Your Childs First Visit

your childs first visit

The American Academy of Pediatric Dentistry recommends your child’s first dental visit is by his/her first birthday. Though this may sound early, we can teach you proper pediatric oral hygiene techniques, ways to check for cavities, and how watch for developmental problems.

Your child’s first visit with our office is essentially an introduction to acquaint your child with their new dentist and our practice. Usually this first interaction includes the introduction of the child to Dr. Michelle Wilkerson (our pediatric dentist), her dental assistant and the instruments used to clean your child’s teeth. They will “take a ride” in our “elevator chair” while Dr. Wilkerson does a gentle, thorough examination, preforms a teeth cleaning, oral cancer screening, takes x-rays (if necessary) and concludes with a fluoride treatment. During this time, Dr. Wilkerson will also go over the proper brushing techniques and home care.

Patience and calm on the part of the parent and reassuring communication with your child are very important during the first visits to the dentist. Short, successive visits are meant to build the child’s trust in the dentist and the dental office, and can prove invaluable if your child needs to be treated later for any dental problem. Most of all, we want to make sure your child has positive experiences at our office and will be a regular visitor for years to come.

Your child won’t keep his or her first set of teeth forever, but that doesn’t mean those tiny pearly whites don’t need conscientious care. Maintaining your child’s dental health now will provide health benefits well into adulthood, as primary (baby) teeth serve some extremely important functions.

For one thing, primary teeth serve as guides for the eruption of permanent (adult) teeth, holding the space into which these new teeth will erupt. The crowns (tops) of the permanent teeth actually push against the roots of the baby teeth, causing them to resorb, or melt away. In this way, the adult teeth can take their proper place.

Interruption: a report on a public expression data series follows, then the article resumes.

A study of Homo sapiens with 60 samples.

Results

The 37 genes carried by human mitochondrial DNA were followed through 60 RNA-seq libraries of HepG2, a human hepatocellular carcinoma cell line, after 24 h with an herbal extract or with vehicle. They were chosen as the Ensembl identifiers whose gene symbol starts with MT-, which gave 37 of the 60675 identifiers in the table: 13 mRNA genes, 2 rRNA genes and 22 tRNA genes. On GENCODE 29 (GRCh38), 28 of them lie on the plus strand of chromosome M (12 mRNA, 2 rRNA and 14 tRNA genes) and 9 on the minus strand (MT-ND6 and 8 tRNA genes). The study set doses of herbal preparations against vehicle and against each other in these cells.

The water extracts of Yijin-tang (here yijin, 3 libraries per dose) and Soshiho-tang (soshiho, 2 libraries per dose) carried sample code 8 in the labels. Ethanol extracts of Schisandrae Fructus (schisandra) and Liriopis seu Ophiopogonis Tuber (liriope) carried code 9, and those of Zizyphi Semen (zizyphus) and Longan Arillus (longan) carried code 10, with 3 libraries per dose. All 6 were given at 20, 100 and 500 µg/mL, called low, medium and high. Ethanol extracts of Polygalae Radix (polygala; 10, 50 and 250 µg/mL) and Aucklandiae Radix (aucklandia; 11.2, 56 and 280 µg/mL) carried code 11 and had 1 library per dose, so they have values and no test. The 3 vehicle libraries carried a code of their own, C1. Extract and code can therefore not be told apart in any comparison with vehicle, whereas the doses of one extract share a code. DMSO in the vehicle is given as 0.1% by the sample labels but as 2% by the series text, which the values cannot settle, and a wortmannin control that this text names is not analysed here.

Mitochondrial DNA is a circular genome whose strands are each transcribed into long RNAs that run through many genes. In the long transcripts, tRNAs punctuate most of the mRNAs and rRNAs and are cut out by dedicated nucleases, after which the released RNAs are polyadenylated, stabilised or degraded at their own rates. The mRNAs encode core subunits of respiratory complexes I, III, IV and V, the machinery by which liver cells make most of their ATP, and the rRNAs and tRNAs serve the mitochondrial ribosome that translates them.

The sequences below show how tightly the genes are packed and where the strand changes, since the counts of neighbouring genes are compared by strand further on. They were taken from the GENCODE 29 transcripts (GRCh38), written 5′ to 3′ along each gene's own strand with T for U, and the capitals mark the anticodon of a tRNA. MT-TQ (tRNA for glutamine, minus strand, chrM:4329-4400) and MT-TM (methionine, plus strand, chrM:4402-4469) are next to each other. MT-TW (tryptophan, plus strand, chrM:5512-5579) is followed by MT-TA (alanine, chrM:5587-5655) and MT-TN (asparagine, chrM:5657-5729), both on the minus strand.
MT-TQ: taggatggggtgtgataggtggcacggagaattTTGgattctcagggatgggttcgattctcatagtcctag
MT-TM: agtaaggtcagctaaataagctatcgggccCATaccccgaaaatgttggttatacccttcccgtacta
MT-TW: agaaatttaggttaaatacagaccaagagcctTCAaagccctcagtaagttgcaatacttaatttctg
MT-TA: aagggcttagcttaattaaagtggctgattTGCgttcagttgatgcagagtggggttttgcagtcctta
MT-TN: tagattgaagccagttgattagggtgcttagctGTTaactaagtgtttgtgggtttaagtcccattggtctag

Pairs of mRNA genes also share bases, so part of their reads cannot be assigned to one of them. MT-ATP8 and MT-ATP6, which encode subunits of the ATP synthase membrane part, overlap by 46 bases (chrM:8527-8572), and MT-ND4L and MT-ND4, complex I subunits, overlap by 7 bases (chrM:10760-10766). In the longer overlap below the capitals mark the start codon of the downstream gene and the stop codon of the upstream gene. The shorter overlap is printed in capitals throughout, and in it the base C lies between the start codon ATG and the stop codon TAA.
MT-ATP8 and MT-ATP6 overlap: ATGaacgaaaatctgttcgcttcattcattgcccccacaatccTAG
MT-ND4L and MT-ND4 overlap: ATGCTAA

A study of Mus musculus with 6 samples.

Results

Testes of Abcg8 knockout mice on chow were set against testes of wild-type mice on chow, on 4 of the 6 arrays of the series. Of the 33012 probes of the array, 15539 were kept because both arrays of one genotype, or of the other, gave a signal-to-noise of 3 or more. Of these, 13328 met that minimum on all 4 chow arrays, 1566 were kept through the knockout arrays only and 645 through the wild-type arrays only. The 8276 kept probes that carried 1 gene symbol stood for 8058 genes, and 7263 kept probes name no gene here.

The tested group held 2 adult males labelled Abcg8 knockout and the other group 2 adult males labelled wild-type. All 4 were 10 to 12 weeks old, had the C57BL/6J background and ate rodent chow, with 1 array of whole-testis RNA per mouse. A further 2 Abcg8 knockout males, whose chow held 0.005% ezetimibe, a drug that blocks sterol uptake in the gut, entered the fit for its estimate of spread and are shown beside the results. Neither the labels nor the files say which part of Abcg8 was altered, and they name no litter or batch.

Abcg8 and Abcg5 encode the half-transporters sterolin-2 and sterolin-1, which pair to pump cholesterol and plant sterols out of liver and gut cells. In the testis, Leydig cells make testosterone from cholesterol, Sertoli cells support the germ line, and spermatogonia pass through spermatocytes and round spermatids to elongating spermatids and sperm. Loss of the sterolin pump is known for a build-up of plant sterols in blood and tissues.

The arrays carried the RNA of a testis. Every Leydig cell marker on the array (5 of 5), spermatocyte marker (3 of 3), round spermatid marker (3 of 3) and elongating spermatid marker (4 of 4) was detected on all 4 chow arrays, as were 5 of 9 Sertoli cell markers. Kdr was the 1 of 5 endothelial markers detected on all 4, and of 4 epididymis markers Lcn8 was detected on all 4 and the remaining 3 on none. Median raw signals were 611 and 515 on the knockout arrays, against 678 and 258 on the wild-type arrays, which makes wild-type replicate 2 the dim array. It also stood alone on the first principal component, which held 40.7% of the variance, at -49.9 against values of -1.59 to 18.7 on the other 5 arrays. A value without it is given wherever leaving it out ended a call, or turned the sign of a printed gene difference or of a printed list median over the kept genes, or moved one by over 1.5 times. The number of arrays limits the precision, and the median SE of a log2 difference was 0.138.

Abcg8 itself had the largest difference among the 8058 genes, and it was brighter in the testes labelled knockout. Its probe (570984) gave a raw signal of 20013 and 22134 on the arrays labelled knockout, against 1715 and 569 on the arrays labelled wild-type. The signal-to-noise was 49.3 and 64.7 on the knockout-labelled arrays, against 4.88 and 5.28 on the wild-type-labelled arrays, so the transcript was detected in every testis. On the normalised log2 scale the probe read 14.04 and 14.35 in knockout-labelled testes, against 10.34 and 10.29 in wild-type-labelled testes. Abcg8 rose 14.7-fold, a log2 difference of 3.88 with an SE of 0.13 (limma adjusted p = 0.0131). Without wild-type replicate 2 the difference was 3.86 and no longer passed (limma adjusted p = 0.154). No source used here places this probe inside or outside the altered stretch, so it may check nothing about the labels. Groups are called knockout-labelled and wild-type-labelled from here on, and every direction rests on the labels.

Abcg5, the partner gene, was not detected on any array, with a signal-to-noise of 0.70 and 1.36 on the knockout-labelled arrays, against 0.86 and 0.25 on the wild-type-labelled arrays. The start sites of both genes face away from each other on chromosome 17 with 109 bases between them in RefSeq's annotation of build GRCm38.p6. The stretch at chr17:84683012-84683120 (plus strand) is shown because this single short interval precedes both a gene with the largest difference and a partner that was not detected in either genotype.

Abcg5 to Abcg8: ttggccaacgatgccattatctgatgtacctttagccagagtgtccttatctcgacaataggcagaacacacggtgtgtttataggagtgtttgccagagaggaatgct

What’s more, your child’s primary teeth will be there for most of childhood, helping your child to bite, chew and speak. For the first six or so years, he or she will be relying on primary teeth exclusively to perform these important functions. Until around age 12, your child will have a mix of primary and permanent teeth. You will want to make sure those teeth stay healthy and are lost naturally — when it’s time.

Please give the office a call today to schedule your child’s first dental visit. We look forward to meeting you and your family!


x-rays image

Dental professionals today are increasingly using digital dental radiographs (digital X-rays) to better detect, diagnose, treat, and monitor oral conditions and diseases. Digital radiographs are viewed instantly on a selected computer screen, manipulated to enhance contrast and detail, and transmitted electronically to specialists (if needed) without quality loss.

One of the biggest advantages of digital x-rays is early detection of dental concerns. Digital radiographs reveal small hidden areas of decay between teeth or below existing restorations (fillings), bone infections, gum (periodontal) disease, abscesses or cysts, developmental abnormalities and tumors that cannot be detected with only a visual dental examination. All of these findings can be detected and treated promptly with use of x-rays, in turn saving the patient time, money and discomfort.

There has been controversy and misunderstanding about the level of radiation that patients are exposed to in order to make these images. Cone beam digital images may be made in various sizes with the larger size images requiring more radiation than the smaller images. Digital dental radiographs require very minimal radiation.

As an example, observe the following data from Journal of the American Medical Association; Lancet; and the American College of Radiology (Quoted in TIME June 25, 2012)

One chest x-ray equals the following:

  • 1,400 dental radiographs (These are the small dental radiographs with which you are familiar. Cone beam requires several times more radiation, but it is still very small).
  • 240 five hour flights
  • 70,000 back scatter airport scans
  • 19 years of smoking a pack of cigarettes per day

Dental x-rays, in fact, are one of the lowest radiation dose studies performed. At your dental hygiene appointment, once a year the hygienist updates 4 bite wing x-rays, showing in between the teeth. These 4 radiographs are about 0.005 mSv (radiation released), which is less than one day of natural background radiation. It is also about the same amount of radiation exposure from a short airplane flight (1-2 hours).

Try not to worry so much about the radiation.

Trust your dental practitioner to weigh the advantages and disadvantages of providing a radiograph for you.